One of the most important roles a good community newspaper performs is that of a watchdog working on behalf of citizens by identifying problems and bringing them to light.
Sometimes watchdog reporting generates a muted response from public officials — or none at all. So it’s gratifying when our reporting elicits the promise of action to address an important issue.
That’s what happened this week, when Attorney General Josh Hawley announced that his office planned to conduct an audit into how the state’s law enforcement agencies and hospitals handle DNA evidence of sexual assaults.
Hawley’s decision was prompted by a Columbia Missourian story by Anna Brett, whose reporting revealed that police departments, hospitals and crime labs follow inconsistent procedures for testing and cataloging DNA evidence gathered in sexual assault examinations. Evidence is often tested with a lack of urgency, if it’s tested at all. And many agencies and hospitals can’t say how many untested sets of evidence they have.
Challenging and frustrating task
Brett and her editor, Katherine Reed, spent three months trying to get straight answers from law enforcement agencies about how many “kits” of sexual assault evidence were awaiting testing and entry in the DNA database. It was a frustrating task.
They encountered a reluctance to speak about the processes followed by police and crime labs. Many requests for phone interviews went unanswered. Some officials got into a game of semantics about the definition of a backlog.
In addition to these challenges, Brett and Reed found that some police departments were reluctant to submit evidence for testing and databasing when victims were reluctant to pursue prosecution. That’s at odds with the U.S. Department of Justice’s best practice recommendations that law enforcement agencies should submit all sexual assault kits for analysis and should actively investigate cases regardless of the status of the victim or the accused.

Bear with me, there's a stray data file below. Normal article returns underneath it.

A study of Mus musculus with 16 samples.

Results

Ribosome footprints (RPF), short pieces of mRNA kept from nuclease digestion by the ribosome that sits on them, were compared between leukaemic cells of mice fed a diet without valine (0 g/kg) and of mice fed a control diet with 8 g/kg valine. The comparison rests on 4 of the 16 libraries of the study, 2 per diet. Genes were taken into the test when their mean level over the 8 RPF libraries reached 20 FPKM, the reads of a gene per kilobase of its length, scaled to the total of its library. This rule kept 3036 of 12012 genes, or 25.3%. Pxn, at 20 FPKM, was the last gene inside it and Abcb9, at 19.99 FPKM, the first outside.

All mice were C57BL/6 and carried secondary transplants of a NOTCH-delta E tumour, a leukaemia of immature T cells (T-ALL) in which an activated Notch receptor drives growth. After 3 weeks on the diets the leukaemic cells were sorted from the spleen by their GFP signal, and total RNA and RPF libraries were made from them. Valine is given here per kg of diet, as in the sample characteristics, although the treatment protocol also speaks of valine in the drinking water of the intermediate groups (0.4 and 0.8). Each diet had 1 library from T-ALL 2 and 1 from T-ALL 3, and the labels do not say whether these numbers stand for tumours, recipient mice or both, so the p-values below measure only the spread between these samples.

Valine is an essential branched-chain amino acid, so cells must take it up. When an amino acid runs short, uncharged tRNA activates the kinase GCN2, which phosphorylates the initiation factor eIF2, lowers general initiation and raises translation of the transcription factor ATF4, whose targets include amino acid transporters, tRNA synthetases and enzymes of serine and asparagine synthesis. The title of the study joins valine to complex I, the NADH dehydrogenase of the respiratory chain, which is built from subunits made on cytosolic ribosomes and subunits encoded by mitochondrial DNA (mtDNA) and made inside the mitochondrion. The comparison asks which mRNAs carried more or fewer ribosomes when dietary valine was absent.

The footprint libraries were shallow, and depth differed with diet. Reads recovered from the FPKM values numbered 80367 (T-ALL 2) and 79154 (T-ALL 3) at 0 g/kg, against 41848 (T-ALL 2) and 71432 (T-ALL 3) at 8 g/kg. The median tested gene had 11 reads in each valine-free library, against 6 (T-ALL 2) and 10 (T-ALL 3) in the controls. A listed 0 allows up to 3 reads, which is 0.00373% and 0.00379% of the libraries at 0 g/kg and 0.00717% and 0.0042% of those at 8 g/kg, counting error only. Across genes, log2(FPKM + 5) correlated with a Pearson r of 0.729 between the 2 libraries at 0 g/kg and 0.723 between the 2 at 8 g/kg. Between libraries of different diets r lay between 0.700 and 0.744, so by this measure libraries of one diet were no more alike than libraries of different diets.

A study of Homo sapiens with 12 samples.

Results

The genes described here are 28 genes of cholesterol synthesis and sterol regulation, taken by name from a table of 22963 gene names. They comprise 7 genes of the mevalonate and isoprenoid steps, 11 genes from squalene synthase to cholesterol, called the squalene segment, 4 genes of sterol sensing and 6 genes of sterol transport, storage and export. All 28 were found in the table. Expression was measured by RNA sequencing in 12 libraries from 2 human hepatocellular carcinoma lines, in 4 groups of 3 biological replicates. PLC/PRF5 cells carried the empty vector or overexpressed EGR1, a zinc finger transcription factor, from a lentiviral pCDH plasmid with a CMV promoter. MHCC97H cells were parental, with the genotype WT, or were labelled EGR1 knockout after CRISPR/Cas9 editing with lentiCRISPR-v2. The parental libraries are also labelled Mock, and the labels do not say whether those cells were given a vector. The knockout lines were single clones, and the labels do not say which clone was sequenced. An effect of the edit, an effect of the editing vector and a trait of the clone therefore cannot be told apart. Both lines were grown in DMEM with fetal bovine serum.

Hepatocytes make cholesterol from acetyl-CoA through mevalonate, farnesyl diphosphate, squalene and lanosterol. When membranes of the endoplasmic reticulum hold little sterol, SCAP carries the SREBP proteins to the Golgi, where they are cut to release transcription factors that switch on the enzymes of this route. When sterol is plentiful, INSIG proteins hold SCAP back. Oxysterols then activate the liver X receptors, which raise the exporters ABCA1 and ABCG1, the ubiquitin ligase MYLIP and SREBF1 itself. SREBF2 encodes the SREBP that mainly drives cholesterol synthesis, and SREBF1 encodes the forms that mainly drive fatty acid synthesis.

This matters because when the DNA database contains evidence from more perpetrators, it’s more likely they might be linked to other crimes, helping police remove more rapists and serial assaulters from the streets, making us safer.
The attorney general announced an ambitious plan to audit every police department, hospital and crime lab in the state to determine the number of untested sexual assault evidence “kits.” We hope this audit will lead to recommendations, possible legislation, and ultimately action to create uniform procedures and to bring urgency to the processing of this evidence.
We’ll watch his office’s work with interest, and I can promise you we will report on his findings.
In the meantime, I’d like to applaud the work of Brett and Reed, and thank them for their diligence and hard work. Watchdog reporting is often a thankless pursuit.
I also want to remind readers of the public service newspapers perform.
In this era, when politicians bash news organizations to lower the credibility of journalists in an attempt to divert negative attention from their own words and actions, we need to take note when we perform our watchdog role well.
Journalists are gratified when they win awards for excellent reporting, writing and photography, and the Missourian and its staff have won truckloads.
But the reward is far more meaningful when our work sparks corrective action, and possibly changes public policies to make our community safer.
Mike Jenner is the Columbia Missourian’s executive editor.